Researchers have found new ways that bad actors can exploit Alexa and Google Home smart speakers to spy on users. This time the hack not only includes eavesdropping, but also includes voice-phishing, or using people’s voice cues to determine passwords.
The vulnerability lies in small apps created by developers for the devices to extend their capability called Skills for Alexa and second app called Actions on Google Home, according to a report by Security Research Labs (SRLabs). These apps “can be abused to listen in on users or vish (voice phish) their passwords,” researchers said.
“The privacy implications of an internet-connected microphone listening in to what you say are further reaching than previously understood,” researchers wrote in their report. “Users need to be more aware of the potential of malicious voice apps that abuse their smart speakers.”
The new research is unsurprising, given the numerous other ways researchers already have found for hackers to access or record personal information of people using digital home assistants.
SRLabs called their findings “Smart Spies,” an apt name as any for these types of devices, given the evidence of how easy it is to misuse them to violate users’ privacy. Researchers said they already shared their findings with Amazon and Google.
Through the standard development interfaces provided to third parties to extend functionality of the devices, SRLabs researchers found two ways in which they could compromise data privacy. One was request and collect personal data, including user passwords. And a second, eavesdrop on users after they think the smart speaker is no longer listening.
The hack has three so-called “building blocks,” researchers said. First they leverage something called “fallback intent,” “which is what a voice app defaults to when it cannot assign the user’s most recent spoken command to any other intent and should offer help,” researchers said. This manifests itself typically by Alexa or other assistants uttering phrases such as, “I’m sorry, I did not understand that. Can you please repeat it?”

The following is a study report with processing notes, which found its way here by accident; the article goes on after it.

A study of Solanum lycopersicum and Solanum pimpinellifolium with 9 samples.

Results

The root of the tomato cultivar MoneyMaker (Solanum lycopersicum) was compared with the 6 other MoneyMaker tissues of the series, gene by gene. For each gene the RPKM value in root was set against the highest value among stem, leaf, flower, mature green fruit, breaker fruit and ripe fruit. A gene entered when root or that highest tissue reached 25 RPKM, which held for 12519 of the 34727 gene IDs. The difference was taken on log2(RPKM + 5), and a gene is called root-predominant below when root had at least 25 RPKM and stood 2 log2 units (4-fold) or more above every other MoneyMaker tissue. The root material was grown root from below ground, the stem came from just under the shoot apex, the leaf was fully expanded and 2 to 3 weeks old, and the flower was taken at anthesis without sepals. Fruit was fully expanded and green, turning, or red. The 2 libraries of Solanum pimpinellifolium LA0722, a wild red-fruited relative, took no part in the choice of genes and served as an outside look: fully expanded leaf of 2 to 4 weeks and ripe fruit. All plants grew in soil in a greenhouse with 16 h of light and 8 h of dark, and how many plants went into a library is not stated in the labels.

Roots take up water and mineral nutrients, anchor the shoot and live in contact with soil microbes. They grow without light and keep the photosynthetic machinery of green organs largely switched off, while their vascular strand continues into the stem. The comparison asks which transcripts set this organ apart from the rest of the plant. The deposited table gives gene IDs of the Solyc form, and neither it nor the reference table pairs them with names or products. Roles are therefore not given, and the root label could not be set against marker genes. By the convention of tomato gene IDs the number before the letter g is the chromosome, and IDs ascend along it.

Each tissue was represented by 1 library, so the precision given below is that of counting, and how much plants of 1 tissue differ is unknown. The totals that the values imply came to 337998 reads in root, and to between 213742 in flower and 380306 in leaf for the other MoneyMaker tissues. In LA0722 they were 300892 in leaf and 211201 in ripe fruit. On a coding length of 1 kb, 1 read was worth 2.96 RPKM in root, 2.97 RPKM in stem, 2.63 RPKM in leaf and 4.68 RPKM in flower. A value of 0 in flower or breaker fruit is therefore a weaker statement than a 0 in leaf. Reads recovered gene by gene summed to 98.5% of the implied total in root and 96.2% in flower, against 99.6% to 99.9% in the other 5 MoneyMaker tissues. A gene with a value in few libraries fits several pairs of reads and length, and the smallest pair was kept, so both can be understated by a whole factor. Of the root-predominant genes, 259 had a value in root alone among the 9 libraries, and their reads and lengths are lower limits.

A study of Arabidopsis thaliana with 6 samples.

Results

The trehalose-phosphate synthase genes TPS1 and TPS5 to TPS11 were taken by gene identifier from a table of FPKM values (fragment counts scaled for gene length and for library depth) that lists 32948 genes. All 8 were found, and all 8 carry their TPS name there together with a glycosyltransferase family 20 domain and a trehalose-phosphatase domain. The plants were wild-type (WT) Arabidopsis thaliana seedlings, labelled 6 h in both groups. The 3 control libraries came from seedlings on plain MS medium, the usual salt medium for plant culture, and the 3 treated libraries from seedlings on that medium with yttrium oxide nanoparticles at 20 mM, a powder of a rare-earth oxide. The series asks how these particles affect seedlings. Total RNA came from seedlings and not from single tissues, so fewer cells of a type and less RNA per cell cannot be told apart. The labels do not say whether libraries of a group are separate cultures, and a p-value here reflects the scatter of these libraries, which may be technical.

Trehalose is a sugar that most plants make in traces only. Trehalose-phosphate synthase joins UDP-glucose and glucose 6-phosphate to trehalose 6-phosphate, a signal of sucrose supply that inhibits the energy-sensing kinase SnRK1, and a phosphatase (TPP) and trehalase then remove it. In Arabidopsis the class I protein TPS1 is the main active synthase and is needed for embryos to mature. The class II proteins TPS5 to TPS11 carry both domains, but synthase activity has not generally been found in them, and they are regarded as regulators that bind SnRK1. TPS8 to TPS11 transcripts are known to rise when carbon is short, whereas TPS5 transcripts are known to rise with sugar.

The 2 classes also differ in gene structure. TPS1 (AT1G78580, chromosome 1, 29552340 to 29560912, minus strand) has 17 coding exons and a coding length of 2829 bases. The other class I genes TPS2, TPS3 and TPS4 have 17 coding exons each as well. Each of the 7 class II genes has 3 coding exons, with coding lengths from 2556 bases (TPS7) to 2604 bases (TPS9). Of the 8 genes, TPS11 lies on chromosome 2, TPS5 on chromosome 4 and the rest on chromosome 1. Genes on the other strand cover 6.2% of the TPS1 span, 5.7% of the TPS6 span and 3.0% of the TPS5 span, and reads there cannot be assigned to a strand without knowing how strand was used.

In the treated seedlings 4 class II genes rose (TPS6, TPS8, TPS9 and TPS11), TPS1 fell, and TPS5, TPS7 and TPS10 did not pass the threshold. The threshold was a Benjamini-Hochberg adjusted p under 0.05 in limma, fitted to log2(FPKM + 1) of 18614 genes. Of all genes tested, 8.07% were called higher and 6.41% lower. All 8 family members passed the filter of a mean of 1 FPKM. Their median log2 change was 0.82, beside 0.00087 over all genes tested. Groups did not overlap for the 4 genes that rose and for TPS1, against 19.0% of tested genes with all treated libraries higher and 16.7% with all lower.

The second step is for eavesdropping specifically on Alex users, researchers said. In this step, they demonstrated how they can further exploit the built-in stop intent of the devices–which reacts to a user saying “stop”–by leveraging the capability to change an intent’s functionality after the application had already passed the platform’s review process.
Lastly, researchers said the hack leverages “a quirk” in Alexa’s and Google’s text-to-speech engine that allows for the insertion of long pauses in the speech output.
Researchers outlined several scenarios in which they used these building blocks to dupe Alexa and Google Home into giving out a user’s password or allowing them to listen in on users.
In one, researchers demonstrate a four-step way to create a password phishing Skill/Action that will fool Alexa or Google Home into getting a user to say his or her password and then sending it to a hacker’s backend.
To help better protect users against Smart Spies attacks, Amazon and Google should implement better protections as soon as possible, starting with a more thorough review process of third-party Skills and Actions that are released through their voice-app stores, researchers recommended.
The report is yet another addition to the ample evidence already demonstrated to prove that devices like Alexa and Google Home are insufficient when it comes to user privacy. It also isn’t the first time researchers found that developer resources easily can be used to exploit these smart home devices.
In May 2018, academic researchers revealed a technique called voice squatting, in which adversaries can trick the speakers to opening by creating a new, malicious skill that is specifically built to open when the user says certain phrases. Once the malicious app has tricked the device into opening it, it can go about eavesdropping or recording user activity, researchers said.